Twitter and Uber both ramped up their efforts to influence members of Congress through political lobbying in the first three months of the year, reveals new data. According to disclosures filed on Wednesday, both companies stood out among their peers in the tech industry, which registered a marginal increase or even lowered their lobbying expenditures compared to the last year.
Twitter, Uber up lobbying spending significantly
Last quarter, Uber almost tripled its spending from $110,000 last year to $320,000 this year, while Twitter almost doubled its spending from $90,000 in 2015 to $170,000 in the first three months of this year. In 2015, Uber increased its spending to $470,000 from $170,000 in 2014. The company remained in the regulatory spotlight throughput 2015. In 2015, Twitter increased its lobbying spending by 61% to $500,000.
Depending on the legislative efforts underway that help or create a problem in their business, the amount the companies spend tends to reduce or increase. In recent years, the telecommunications industry has been among the biggest lobbyists, but Internet companies are becoming major spenders fast as well.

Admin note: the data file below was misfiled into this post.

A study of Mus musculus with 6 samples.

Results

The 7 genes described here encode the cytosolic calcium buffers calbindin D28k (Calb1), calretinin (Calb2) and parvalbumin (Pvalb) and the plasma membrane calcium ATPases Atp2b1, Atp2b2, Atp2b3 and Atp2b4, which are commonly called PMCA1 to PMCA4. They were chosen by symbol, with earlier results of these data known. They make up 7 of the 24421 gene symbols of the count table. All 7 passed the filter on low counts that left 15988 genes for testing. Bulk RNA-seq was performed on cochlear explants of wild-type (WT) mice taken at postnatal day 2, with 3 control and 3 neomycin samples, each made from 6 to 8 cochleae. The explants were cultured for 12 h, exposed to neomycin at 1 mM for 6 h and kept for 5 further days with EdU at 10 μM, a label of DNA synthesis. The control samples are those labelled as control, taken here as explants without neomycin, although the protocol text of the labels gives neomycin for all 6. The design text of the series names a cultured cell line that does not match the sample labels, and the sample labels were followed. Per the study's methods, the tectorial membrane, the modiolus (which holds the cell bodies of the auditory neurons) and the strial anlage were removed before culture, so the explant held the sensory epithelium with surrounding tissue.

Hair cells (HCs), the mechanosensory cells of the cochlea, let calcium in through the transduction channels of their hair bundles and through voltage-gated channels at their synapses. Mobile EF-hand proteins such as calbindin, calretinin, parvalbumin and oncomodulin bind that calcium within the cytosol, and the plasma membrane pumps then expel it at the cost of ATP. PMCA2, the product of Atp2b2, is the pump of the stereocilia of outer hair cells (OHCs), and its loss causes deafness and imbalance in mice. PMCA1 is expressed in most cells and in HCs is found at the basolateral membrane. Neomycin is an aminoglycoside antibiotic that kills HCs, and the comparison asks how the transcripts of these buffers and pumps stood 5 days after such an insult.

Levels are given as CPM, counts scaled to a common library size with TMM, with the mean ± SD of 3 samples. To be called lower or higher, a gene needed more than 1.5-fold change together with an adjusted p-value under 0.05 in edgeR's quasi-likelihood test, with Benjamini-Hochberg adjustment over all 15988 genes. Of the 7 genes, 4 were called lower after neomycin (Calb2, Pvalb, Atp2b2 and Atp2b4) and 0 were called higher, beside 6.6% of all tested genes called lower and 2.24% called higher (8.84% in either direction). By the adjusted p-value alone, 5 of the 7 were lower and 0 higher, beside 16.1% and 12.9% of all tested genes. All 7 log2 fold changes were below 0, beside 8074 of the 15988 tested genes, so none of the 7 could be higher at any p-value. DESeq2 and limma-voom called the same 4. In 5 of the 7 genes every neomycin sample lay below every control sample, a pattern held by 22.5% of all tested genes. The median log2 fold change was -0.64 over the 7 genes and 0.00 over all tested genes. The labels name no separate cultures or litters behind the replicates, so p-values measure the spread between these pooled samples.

Most of the spending is not done directly, though there are organizations that have their own lobbyists on staff. Most of the companies take help from one or more D.C.-based lobbying companies which lobby for the company and also keep it informed on upcoming related legislation.
How much are others spending?
Facebook increased its spending 14% from the first three months of last year to $2.8 million, and this is a record for the company. The social networking site named government surveillance, Internet advertising, child online protection, and immigration reform among the areas in which it lobbied.
AT&T was the biggest tech spender. The company spent $4.5 million, which is 2% higher from last year, in its D.C. lobbying efforts. Google was not far behind, spending $3.8 million, a drop of 25% from last year. Oracle increased its spending to $2.6 million, which is 39% more than last year, whereas Verizon spent $3.6 million, which is up 7%.
Another tech giant that increased its spending is Microsoft, which spent $2 million, which is up 7% from previous year. Apple spent $1.1 million on lobbying during the first three months of the year, which is down 9%. The iPhone maker spent on issues like corporate tax reform, energy efficiency, the Trans-Pacific Partnership trade deal, mobile payments, safe driving, and patents.